Virtual reading program celebrated literacy, agriculture

Rachel Gabel, a book author, agricultural journalist and rancher from Wiggins, Colorado, said it didn’t take her long to write a book about Colorado agriculture, but it took her years to cultivate the stories she included in the piece.

Gabel’s book was featured during the Colorado Foundation for Agriculture celebration of National and Colorado Agriculture Days. CFA hosted a series of seven read-aloud sessions as part of the Colorado Literacy Program March 22 to 26.

She said her book, Still Good: The Faces of Family Agriculture, was written especially for the classrooms that listened in on the sessions. Gabel wanted to highlight the commodities unique to Colorado. She was able to pull from her years interviewing the state’s farmers and ranchers for The Fence Post, and show the uniqueness of each area.

“All of the folks that are in this book, that are mentioned are real Colorado farmers and ranchers and the illustrations are all based off of real pictures,” she said. “Both in an older like in grandpa’s era, and then in modern day ag. That’s kind of the gist of the book is that a little boy is learning a little bit about agriculture in his grandpa’s day, and also learning about what modern day ag is.”

Gabel normally writes about legislation and political issues, among other subjects at her position as a reporter and assistant editor at The Fence Post, and found this as an important outlet for her creativity.

“The stuff that I write during the week is about the cattle markets. Stuff that ranchers read,” she said. “So, this was kind of a fun way to look at it, that it wasn’t news but it was something that almost every farmer and rancher can relate to.”

Even if you’re not a farmer or rancher a person can relate to it as many have had a Rocky Ford cantaloupe or fresh watermelon, butter, milk, beef or lamb chops grown in Colorado.

“So many people are affected by agriculture,” she said. “This was a neat way to show how everything is related.”

During her session, Kate Greenberg, Colorado commissioner of agriculture, asked a classroom full of kids what their favorite food was. She anxiously listened to their answers prior to reading them a book about agriculture.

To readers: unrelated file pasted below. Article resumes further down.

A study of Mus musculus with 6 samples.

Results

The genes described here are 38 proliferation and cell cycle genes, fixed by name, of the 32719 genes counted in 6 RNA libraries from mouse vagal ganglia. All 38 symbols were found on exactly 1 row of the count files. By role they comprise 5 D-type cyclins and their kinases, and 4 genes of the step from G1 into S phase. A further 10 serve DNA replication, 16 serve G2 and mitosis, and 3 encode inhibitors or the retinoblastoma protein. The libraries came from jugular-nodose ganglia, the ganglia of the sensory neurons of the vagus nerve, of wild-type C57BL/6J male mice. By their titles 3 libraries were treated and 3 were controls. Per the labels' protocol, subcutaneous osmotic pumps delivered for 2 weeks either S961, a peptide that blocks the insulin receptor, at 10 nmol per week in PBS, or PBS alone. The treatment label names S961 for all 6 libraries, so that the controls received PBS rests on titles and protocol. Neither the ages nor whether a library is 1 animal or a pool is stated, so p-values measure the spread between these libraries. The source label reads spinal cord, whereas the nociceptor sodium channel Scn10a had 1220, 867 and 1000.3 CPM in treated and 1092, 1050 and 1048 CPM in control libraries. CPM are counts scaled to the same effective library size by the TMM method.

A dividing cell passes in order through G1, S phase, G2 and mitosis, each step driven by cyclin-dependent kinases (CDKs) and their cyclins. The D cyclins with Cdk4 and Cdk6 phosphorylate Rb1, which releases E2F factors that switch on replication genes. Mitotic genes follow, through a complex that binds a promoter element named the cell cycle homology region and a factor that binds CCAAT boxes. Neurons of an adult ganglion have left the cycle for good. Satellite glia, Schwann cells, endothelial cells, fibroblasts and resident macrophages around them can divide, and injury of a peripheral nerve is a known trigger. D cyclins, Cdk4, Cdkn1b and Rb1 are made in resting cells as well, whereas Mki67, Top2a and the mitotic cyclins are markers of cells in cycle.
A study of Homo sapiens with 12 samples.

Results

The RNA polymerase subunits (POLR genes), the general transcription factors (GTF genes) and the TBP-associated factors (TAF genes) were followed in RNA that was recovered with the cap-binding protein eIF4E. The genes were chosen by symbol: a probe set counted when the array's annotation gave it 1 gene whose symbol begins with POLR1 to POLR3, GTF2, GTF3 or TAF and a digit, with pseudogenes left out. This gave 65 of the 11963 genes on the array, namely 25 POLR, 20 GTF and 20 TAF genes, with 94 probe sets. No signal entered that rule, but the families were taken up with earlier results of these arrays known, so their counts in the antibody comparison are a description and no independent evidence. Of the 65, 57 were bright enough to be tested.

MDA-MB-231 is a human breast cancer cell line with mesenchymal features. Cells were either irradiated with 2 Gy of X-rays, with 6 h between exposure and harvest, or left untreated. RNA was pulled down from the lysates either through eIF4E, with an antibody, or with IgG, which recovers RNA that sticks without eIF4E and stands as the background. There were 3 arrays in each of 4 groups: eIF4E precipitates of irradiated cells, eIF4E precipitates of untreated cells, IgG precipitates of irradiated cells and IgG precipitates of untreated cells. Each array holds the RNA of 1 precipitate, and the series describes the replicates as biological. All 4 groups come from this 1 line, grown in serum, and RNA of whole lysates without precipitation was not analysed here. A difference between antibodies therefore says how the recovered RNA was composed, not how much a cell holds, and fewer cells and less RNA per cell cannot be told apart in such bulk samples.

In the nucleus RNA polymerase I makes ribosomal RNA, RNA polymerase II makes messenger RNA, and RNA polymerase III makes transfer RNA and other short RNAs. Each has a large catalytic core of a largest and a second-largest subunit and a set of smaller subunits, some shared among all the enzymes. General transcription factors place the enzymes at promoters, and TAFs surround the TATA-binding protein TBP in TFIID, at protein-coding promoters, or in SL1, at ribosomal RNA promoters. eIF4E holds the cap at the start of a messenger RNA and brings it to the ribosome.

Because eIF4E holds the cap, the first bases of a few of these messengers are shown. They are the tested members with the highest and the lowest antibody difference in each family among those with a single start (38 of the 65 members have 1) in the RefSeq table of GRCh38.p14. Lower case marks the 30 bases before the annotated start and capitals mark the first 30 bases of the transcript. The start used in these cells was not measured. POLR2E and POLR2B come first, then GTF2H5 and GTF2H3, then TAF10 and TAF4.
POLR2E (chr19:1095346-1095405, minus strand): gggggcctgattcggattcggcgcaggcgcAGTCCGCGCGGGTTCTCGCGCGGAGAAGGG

“What do you love to eat? For me, I love a lot of food, but I love ripe Palisade peaches in the late summer. I love apples. I love burgers. I love corn sweet corn,” she said. “How many of you love those things and other things?

The love of a variety of food is one of the things that got Greenberg into her work, along with her love for agriculture.

Greenberg and Gabel were two of seven volunteers who read to classrooms virtually during the sessions. Those reading volunteers included: Greenberg and Gabel; Lora Bledsoe, large animal veterinarian and rancher from Hugo, Colorado; Samantha Cunningham, Colorado State University animal science professor and rancher; rancher and state Sen. Jerry Sonnenberg from Sterling, Colorado; Marc and Jill Arnusch, farmers featured in the book from Keenesburg, Colorado; and Janie VanWinkle, Colorado Cattlemen’s Association president and rancher from Grand Junction, Colorado.

All participating classes received a free copy of the Still Good book, that is written by Gabel and illustrated by Liz Banman-Munsterteiger to keep. CFA also developed curriculum to go along with the book, which supports Colorado Academic Standards for reading, writing, and communicating and history. Sessions were recorded and shared on CFA’s YouTube channel.

This year’s book featured Colorado farming and ranching families. The publication of this book is a joint project between the Colorado Foundation for Agriculture and the Bessie Minor Swift Foundation on behalf of The Fence Post magazine. Additional funding for this program was been provided by the Colorado Farm Bureau Women’s Leadership Committee, Bank of Colorado, Colorado CattleWomen’s, Inc., and various individual donors.

In the book, a young boy finds his grandpa’s photo album that includes 1950s-era photos of a produce stand, a sheep ranch, the Denver Union Stock Yards, a farm with a milking Shorthorn cow, an aerial sprayer, and a tractor. He spends time listening to stories and then adds his own stories with modern day photos and information from various current farms and ranches across Colorado. Comparing and contrasting the two eras, the book’s main character notes changes but sees that agriculture is, in fact, still good.

The Colorado Literacy Project is a way to bring agriculture into the classroom while reinforcing reading comprehension. During the spring, farmers and ranchers across Colorado visit classrooms and read a book to the students. They answer questions and talk about their connection to agriculture. A different book is selected each year. This annual program reaches approximately 10,000 students and 400 teachers across Colorado per year.